The Māori Party wants to slap owners of empty homes with taxes, curb immigration and tighten rules on foreigners buying New Zealand residential property.
Co-leader John Tamihere says the current situation, with nearly 20,000 households on the waiting list for a state home and a few thousand homeless put up in hotels to keep them off the streets during the pandemic, can't go on.
"There's got to be answers to this," the former Labour Party MP told The AM Show on Thursday.
"One of the answers... is there's 38,000 vacant houses in Auckland. Now, thousands of those are owned by foreigners, right? There's been a clampdown on that, but the reality is they're ghost houses. They've got to be brought back into use for Kiwis in terms of housing stock, just rental. We're not going to be able to build ourselves out of this in the next five years."
The 2018 census found nearly 40,000 Auckland homes are vacant - some holiday homes, or just temporarily between occupiers. Others were just sitting empty, the owners deciding against the hassle of tenanting them out, relying on making bank from the capital gains.
The number of vacant homes rose from 6.6 percent in 2013 to 7.3 percent.
The Māori Party says we should follow Canada and tax owners of ghost houses - and bring in a capital gains tax too of 2 percent on the sales of all non-owner-occupied homes.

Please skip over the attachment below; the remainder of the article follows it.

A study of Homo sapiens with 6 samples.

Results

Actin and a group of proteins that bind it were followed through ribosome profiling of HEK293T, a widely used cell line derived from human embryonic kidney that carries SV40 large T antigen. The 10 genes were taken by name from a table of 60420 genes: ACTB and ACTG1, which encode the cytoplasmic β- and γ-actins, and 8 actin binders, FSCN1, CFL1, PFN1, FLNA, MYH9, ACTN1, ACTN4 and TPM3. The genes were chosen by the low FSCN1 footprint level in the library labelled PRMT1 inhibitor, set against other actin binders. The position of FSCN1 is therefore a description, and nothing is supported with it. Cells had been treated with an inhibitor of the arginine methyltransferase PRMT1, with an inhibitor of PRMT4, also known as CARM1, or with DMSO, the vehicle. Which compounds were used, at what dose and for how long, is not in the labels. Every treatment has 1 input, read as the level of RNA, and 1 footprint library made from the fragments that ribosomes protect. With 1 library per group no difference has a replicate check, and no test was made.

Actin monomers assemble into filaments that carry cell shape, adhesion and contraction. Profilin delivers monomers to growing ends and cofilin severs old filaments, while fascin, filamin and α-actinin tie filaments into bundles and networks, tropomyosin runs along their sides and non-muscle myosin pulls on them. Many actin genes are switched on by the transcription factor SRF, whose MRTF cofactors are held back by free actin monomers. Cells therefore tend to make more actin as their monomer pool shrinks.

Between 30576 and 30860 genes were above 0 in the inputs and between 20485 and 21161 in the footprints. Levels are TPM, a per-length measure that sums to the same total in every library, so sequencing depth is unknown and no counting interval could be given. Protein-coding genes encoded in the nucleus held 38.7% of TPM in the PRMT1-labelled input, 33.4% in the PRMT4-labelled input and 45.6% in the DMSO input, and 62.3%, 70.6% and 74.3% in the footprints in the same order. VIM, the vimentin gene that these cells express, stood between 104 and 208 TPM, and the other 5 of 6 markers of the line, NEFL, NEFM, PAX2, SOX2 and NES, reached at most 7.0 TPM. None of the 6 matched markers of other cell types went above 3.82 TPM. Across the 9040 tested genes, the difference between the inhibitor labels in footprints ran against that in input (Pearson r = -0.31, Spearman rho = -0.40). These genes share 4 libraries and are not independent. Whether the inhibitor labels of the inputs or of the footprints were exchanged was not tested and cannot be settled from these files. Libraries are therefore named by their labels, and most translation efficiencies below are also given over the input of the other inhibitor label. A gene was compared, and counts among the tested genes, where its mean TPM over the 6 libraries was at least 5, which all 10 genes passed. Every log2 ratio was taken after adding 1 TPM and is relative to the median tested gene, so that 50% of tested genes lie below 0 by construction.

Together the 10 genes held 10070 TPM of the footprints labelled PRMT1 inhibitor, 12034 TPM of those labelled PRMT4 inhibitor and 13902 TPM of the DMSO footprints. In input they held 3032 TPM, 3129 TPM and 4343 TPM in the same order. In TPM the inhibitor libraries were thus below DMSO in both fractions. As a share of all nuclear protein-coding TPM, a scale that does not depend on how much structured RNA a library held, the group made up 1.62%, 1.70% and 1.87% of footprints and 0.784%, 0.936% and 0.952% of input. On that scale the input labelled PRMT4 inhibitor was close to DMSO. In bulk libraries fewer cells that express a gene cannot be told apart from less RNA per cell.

"You're going into a casino where you can never lose if you're in residential housing in New Zealand," said Tamihere. "That's why a capital gains tax has to occur, other than on the family house. The reason is Governments are about sticks and carrots, and you've got to move money to the extent that all Kiwis can have a chance of home ownership.
"With the immigration coming in outpricing us because we're a low-wage economy, low interest rates and the like, those caught earning under the average salary ain't going nowhere."
That's another plank in the Māori Party's housing policy - get tough on immigration.
"Have to. It's a straight economic argument," Tamihere told host Duncan Garner.
"We've got a supply problem, and the demand driver is run by immigration. Fifty thousand immigrants came in, in the last two years. I'm not anti-immigration, don't get me wrong - I think good finance and good skills are required - but Kiwis have to come first pretty soon. The only way you're going to fix the housing crisis is to curb immigration."
In addition to cracking down on immigration and 'ghost' homes, Tamihere wants to allocate taxpayer funding to building more homes on Māori ancestral land. The total cost of the policy, dubbed 'Whānau Build', has been estimated at $600 million - the money pulled from the Government's COVID-19 recovery funds - and would see 2000 homes built in the first two years.
The party also wants Māori to get first dibs on available social housing, to apply the Overseas Investment Act to all residential housing purchases and stop all land sales to foreigners, and task Kainga Ora with building more social housing.
Labour leader Jacinda Ardern has ruled out a capital gains tax as long as she's Prime Minister.